A theft must meet a certain value-threshold to be considered grand larceny.
  • Edited By: Allegra J. Lingo
  • Last Modified Date: 06 April 2014

Larceny is the theft of personal property from another with the intent to deprive the person of the property permanently. The crime is typically separated into petty larceny and grand larceny, distinguished by a jurisdiction establishing a threshold value of the property taken that will bump the offense up from petty to grand. Petty larceny is often a misdemeanor offense, and grand is most often a felony. The crime of grand larceny is usually parsed to fit punishments to gradients of circumstances relating to the value of property stolen, the kind of property stolen, the way in which the property was stolen, and the underlying environment in which the theft occurred.


In some jurisdictions, there are different types of grand larceny charges that depend on the type of property stolen. New York, for example, has special statutory provisions for the theft of credit or debit cards, vehicles, and firearms. In each instance, the statute provides special punishments that raise the severity of the offense, regardless of the value of the property stolen.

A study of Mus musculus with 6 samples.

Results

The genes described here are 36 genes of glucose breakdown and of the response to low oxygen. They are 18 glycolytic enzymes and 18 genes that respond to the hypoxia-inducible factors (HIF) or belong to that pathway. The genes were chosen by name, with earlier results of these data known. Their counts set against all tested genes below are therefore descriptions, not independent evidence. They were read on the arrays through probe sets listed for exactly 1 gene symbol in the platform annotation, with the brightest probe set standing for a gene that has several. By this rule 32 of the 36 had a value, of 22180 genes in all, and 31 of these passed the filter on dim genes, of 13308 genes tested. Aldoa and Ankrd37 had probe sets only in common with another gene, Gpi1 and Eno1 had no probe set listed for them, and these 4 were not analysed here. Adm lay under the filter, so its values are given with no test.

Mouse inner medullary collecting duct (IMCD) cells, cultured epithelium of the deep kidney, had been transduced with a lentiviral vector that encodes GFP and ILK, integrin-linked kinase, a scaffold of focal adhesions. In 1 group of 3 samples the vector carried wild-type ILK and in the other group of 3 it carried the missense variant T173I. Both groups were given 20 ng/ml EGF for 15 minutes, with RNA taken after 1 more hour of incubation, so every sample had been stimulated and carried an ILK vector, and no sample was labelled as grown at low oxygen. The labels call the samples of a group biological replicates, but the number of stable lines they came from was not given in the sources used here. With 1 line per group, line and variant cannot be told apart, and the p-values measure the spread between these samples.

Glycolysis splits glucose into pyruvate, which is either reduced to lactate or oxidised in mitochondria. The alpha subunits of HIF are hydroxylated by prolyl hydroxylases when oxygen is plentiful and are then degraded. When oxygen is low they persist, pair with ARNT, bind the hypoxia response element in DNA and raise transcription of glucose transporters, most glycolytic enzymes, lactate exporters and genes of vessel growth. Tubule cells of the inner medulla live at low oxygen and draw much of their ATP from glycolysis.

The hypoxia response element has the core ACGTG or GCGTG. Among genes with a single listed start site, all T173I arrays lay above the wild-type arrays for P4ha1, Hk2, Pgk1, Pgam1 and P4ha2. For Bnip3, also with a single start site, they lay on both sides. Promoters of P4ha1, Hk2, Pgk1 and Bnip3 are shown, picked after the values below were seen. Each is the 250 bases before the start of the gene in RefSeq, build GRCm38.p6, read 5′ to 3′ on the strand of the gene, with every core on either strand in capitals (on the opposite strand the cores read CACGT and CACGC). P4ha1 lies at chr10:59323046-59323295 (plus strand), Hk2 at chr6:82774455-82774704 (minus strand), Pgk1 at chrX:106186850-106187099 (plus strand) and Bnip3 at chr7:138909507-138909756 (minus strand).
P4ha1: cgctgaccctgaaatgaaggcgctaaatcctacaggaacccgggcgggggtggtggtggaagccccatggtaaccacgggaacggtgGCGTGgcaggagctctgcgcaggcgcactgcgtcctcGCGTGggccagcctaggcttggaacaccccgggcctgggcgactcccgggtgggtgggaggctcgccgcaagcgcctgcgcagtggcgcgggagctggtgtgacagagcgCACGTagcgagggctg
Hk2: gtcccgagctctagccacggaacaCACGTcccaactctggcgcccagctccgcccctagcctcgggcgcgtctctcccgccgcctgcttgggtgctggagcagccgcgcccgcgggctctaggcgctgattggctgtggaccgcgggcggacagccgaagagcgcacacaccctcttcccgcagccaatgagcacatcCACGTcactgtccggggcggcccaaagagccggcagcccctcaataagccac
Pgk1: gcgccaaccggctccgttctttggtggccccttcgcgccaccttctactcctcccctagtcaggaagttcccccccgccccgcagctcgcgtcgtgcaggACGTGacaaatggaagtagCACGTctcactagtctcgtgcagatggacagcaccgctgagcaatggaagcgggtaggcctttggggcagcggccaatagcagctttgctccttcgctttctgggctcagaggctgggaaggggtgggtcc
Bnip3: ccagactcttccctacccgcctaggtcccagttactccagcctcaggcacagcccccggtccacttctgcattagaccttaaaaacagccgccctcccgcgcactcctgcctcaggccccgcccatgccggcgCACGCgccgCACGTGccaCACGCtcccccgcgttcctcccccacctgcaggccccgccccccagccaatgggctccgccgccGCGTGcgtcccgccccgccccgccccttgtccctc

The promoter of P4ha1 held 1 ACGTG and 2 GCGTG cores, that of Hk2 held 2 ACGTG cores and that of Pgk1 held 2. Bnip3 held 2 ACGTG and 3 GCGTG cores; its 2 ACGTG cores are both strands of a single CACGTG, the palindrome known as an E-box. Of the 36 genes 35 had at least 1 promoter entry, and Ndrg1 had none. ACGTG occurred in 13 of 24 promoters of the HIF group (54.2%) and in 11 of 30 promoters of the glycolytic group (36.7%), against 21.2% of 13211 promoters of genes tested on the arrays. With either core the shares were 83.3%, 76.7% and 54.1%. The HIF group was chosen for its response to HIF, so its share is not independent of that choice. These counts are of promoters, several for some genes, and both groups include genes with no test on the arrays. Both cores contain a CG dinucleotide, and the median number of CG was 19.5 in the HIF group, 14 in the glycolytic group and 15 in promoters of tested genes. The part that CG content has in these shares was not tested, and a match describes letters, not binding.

The way the property was stolen can also distinguish the charge. New York, for example, has a pickpocket statute that makes theft from the person of another a special offense, and another statute that makes special provisions for larceny by extortion or blackmail. This differentiation provides a type of strict liability for thefts conducted in these ways that takes them outside of the normal categorization that assigns degree based on property value.

In the U.S., larceny can also be charged at the federal level. Federal grand larceny is typically concerned with corporate and government theft as well as theft in instances that affect interstate commerce, such as theft over the Internet or through the mail. The charges at this level often have the same sorts of differentiation as can be found at the state level.